The University of Calgary announced record enrolment at the school with 30,838 attending students, compared to 27,763 in 2007, an increase of over 11 per cent.
U of C registrar and associate vice-provost enrolment David Johnston said the boost is largely due to increased retention rather than new students entering the school.
"As the economy stays the way it is, some students are choosing to stay and finish their degree where as before they might take a year off to work," said Johnston. "Plus we've been doing a lot of work with the faculties to support students better to stay and complete their degrees here."
Students' Union president Lauren Webber said the increased enrolment is at least partly due to lack of jobs available but also believes it is a positive sign for the province.
"I think it's a very important thing because Alberta is quite below the Canadian average in our participation rates in post-secondary education," said Webber. "There's a gap there and 70 per cent of jobs in Alberta are going to require a post-secondary education in the next few years."
The increases come at a time when institutions across the province are experiencing reduced grants for operation expenses.
Johnston said economic planning for the school is simpler when faculties know they will retain a certain number of students. Retention of undergraduates moving from their first to second year increased to 86 per cent in 2010, up from just over 83 per cent in 2007.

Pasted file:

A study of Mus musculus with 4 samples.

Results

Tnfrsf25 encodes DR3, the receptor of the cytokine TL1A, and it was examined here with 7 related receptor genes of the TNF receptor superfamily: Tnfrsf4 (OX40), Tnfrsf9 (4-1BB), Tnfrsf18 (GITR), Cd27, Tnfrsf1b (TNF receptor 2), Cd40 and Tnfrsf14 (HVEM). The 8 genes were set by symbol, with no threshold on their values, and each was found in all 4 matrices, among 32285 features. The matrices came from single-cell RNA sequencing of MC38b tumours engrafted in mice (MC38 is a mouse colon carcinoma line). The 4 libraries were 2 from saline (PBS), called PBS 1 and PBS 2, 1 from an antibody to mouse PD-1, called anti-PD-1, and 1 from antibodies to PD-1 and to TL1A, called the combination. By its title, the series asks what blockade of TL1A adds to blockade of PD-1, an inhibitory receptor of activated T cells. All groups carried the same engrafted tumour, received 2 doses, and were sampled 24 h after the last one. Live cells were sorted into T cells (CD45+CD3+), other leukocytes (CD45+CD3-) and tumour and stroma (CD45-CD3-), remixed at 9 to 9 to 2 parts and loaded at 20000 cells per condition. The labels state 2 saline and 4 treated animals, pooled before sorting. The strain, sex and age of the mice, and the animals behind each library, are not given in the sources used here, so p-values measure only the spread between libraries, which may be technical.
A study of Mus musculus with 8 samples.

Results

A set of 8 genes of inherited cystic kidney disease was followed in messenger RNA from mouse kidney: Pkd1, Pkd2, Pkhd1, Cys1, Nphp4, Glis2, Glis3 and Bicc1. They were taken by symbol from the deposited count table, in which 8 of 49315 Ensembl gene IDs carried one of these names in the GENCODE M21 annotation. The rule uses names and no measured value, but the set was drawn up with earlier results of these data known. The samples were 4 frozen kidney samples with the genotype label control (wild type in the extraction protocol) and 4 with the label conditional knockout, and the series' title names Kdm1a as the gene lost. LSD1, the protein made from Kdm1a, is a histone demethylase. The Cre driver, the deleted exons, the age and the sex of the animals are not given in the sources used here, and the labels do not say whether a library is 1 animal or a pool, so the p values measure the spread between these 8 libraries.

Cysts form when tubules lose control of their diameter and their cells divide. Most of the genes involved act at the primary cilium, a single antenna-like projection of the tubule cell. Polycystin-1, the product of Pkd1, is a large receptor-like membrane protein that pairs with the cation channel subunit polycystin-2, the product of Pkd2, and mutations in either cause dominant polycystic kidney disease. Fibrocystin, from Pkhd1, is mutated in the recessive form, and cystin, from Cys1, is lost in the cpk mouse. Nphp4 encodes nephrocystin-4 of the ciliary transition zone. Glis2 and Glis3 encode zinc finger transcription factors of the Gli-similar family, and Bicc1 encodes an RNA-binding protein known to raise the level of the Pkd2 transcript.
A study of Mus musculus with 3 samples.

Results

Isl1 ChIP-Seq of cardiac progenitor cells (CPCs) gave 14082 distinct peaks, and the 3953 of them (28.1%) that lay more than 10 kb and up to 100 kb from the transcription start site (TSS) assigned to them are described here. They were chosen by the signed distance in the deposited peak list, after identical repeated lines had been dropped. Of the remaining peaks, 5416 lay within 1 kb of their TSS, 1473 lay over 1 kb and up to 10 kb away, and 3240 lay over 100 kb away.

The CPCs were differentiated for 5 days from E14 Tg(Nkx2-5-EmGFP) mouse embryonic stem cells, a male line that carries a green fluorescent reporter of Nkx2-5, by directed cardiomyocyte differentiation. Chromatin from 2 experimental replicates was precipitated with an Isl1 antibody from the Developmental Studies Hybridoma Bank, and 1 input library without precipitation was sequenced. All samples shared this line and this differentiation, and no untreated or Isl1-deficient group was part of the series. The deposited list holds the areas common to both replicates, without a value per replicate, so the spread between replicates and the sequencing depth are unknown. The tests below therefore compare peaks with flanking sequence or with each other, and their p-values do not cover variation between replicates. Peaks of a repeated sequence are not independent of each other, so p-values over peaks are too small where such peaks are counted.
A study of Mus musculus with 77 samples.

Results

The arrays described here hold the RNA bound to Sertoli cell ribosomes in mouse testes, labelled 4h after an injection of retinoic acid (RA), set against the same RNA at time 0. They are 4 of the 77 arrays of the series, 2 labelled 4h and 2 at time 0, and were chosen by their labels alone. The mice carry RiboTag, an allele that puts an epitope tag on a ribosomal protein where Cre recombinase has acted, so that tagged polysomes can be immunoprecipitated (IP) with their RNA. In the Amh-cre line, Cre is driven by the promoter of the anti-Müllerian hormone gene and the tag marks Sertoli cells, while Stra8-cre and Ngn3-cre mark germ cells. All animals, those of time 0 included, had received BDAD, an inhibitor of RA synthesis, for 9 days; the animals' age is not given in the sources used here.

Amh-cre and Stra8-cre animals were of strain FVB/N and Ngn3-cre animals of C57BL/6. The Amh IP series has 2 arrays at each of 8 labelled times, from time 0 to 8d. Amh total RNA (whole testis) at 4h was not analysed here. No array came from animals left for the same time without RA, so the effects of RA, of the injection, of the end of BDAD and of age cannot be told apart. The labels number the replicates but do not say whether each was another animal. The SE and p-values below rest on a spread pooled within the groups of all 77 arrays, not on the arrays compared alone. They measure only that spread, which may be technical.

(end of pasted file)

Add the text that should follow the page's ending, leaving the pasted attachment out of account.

"We're making sure that we're supporting those programs that students want, where there's demand," said Johnston. "When we do our new student admissions we're trying very carefully to keep it at a stable level and then the better our retention is, the easier it is for the academic departments to manage their year-two, year-three and year-four course offerings. In some ways it actually makes it easier in challenging budget times to support students because there isn't a stop where they take time off and come back in a year."
Webber said the U of C needs to ensure it can handle the student capacity before increasing it any further.
"If they're making more cuts to the teaching assistants and support staff that's definitely something we don't want to see," said Webber. "We would support the increase if that's something that we wouldn't be seeing."
Other Calgary post-secondaries, such as SAIT and Mount Royal University, saw their enrolment numbers stay relatively the same, something Johnston attributes to the U of C's larger size and number of education options.
"The more degree programs we have the more choices students have to stay and seek to complete the degrees that they choose to study in," said Johnston. "It's a capacity issue for all of us. We have limited classroom space and everyone is trying to manage around that and make sure we're not growing in areas that we can't support."
Johnston said there haven't been more problems than average this year with program overloads. Classes are moved to larger spaces when more students than expected enrol in a course within the first few weeks of the year.
"I think it just comes back to the university is doing this because of the situation the government has put them in, they're stuck between a rock and a hard spot," said Webber in regards to the increased class sizes at the school.
SU vice-president external Hardave Birk said the provincial government indicated there will be no additional funding for schools in the immediate future.
"We're still hopeful there's the possibility of base operating grants but right now it's looking likely that at every institution in Alberta there will be no increase for this year," said Birk.
The U of C plans to remain stable in terms of enrolment, expecting slightly over 30,000 students on campus this time next year.
Graduate student enrolment increased by 2.3 per cent and undergraduate enrolment increased 3.2 per cent from 2009.
The total number of new applicants to the school rose by 9.9 per cent from 2008 to 18,327.